For other places with the same name, see Altai (disambiguation).
Altai Krai (Russian: Алта́йский край uhl-TIGH-skee krigh) is in a region Western Siberia. It is located immediately west of the semi-autonomous Altai Republic. Both regions are named after the stunningly beautiful Altai mountains and are home to the Altai people, an ethnically Turkic group living in the region for over 10,000 years. During Soviet times, Altai (both Krai and Republic) were very popular tourist destinations, particularly for adventure tourists interested in fishing, hunting, mountaineering and related mountain sports. In beauty, the Altai Krai is comparable to the Kenai Peninsula in Alaska or the Swiss Alps.
Chuysky Highway, a road from Novosibirsk to Mongolia
- Barnaul - the capital of the region.
- Biysk - the gate to Mountainous Altai.
- Belokurikha - locally renowned resort and health center.
- Srostki - the birthplace of Vasily Shukshin, Russian writer and actor .
- Nature Park Aya
- Countryside tourism
The winters in Altai are severe, with temperatures in the -30 (celsius) not uncommon. In the summer months,
Altai enjoys a continental mountain climate with hot dry air and cool nights.
- From Mongolia: There is a bus from Tsagaannuur,Mongolia to Astana,Kazakhstan that passes through Altai Krai and the Altai Republic. The roads in Altai are excellent (as of July 2009) and travel by road is the preferred and most scenic option.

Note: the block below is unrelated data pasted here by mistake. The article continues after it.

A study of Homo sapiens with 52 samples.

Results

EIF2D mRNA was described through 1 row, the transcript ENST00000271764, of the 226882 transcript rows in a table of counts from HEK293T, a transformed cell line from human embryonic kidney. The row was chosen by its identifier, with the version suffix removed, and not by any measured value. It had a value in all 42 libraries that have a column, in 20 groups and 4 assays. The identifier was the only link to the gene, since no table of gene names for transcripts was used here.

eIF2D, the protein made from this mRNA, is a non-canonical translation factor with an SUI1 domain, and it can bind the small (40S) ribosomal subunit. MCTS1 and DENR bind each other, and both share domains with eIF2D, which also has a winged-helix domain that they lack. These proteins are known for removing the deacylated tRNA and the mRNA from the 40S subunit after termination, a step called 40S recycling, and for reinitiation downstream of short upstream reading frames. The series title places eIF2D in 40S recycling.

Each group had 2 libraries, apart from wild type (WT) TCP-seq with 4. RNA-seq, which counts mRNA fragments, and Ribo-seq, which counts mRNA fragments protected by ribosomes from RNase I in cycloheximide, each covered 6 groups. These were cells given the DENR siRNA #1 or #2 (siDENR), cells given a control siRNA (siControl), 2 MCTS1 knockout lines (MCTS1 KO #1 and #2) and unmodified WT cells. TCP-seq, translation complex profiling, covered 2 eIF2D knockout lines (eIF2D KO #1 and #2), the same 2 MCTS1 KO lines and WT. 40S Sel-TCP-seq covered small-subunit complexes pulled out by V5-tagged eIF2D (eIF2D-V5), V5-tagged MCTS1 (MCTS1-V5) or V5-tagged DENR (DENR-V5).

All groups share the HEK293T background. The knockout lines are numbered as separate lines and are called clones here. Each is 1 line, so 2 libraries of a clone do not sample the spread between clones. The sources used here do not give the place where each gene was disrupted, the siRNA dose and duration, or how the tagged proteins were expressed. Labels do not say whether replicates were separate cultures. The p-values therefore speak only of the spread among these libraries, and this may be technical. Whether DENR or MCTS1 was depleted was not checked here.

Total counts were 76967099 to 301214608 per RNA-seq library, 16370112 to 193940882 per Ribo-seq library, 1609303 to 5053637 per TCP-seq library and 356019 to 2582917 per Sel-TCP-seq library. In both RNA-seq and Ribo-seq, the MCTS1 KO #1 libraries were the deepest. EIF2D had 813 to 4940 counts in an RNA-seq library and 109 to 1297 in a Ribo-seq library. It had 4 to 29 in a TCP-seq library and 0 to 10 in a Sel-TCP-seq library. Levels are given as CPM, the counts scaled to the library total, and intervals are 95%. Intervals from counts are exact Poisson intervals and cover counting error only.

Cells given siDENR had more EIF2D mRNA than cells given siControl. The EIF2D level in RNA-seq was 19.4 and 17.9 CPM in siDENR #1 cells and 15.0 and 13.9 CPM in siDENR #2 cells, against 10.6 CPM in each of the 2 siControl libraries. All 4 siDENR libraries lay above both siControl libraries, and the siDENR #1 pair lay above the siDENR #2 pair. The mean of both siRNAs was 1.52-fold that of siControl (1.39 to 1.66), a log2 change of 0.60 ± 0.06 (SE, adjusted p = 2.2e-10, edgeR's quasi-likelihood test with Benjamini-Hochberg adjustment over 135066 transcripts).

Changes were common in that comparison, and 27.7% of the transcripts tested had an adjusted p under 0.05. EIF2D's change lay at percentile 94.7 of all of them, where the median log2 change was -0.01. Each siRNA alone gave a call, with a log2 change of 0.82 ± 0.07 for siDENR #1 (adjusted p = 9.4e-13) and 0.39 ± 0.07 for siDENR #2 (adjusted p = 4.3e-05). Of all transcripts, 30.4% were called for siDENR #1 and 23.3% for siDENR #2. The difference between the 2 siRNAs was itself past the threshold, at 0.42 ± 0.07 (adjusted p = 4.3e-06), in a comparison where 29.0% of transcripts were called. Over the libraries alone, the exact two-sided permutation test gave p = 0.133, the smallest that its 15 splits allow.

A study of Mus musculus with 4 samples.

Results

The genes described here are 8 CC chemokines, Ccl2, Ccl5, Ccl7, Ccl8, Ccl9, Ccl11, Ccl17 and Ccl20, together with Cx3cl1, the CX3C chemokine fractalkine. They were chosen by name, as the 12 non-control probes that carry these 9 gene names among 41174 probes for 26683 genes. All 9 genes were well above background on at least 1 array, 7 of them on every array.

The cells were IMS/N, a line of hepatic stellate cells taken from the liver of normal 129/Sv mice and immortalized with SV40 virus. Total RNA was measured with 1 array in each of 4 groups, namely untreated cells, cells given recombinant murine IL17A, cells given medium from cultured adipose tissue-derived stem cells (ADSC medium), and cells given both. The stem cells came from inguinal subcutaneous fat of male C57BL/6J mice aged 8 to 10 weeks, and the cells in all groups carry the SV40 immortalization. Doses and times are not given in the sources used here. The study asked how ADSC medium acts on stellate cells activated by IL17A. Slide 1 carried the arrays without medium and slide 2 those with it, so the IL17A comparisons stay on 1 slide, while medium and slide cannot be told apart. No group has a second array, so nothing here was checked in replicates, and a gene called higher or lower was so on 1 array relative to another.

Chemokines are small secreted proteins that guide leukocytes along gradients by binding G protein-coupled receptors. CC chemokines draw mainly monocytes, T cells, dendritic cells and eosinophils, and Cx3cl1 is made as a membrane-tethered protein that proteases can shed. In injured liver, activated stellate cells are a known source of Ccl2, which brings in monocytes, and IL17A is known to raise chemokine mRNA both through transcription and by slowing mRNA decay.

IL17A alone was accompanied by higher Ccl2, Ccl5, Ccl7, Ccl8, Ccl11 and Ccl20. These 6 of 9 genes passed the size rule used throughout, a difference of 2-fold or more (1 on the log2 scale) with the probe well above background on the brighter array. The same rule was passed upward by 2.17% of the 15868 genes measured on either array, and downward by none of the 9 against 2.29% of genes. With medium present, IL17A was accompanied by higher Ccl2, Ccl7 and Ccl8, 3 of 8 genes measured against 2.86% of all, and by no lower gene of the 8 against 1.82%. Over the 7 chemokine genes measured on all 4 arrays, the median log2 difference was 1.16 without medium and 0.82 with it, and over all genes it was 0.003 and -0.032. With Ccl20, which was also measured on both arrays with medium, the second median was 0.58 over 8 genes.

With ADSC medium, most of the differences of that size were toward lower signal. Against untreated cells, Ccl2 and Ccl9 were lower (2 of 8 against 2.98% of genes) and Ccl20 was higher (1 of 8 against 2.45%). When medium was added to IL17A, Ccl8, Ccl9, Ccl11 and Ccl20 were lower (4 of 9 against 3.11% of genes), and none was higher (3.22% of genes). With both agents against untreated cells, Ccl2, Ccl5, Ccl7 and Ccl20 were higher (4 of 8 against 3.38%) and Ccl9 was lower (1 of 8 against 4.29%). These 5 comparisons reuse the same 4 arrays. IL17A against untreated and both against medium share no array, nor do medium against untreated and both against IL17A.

- From Kazakhstan: The return leg of the above bus.
- Chuysky Highway (Чуйский тракт) is a road from Novosibirsk to Mongolia, that goes through Berdsk, Biysk and down south to Altai Republic, where the landscape changes from steppes plain to scenic mountains covered with snow. The highway is very popular among motorist and cyclists.
- A variety of adventure resorts exist in Altai Krai. In Russian, these camps are affectionately known as Bazi Otdiha (Rest Bases). At most camps, the traveler can expect to rent horses, indulge in a banya, or rent fishing or river equipment. The bases are inexpensive and welcoming of Western-style backpackers. They offer campsites and can serve as a valuable resource for information about particular sites/passes and mountain locations.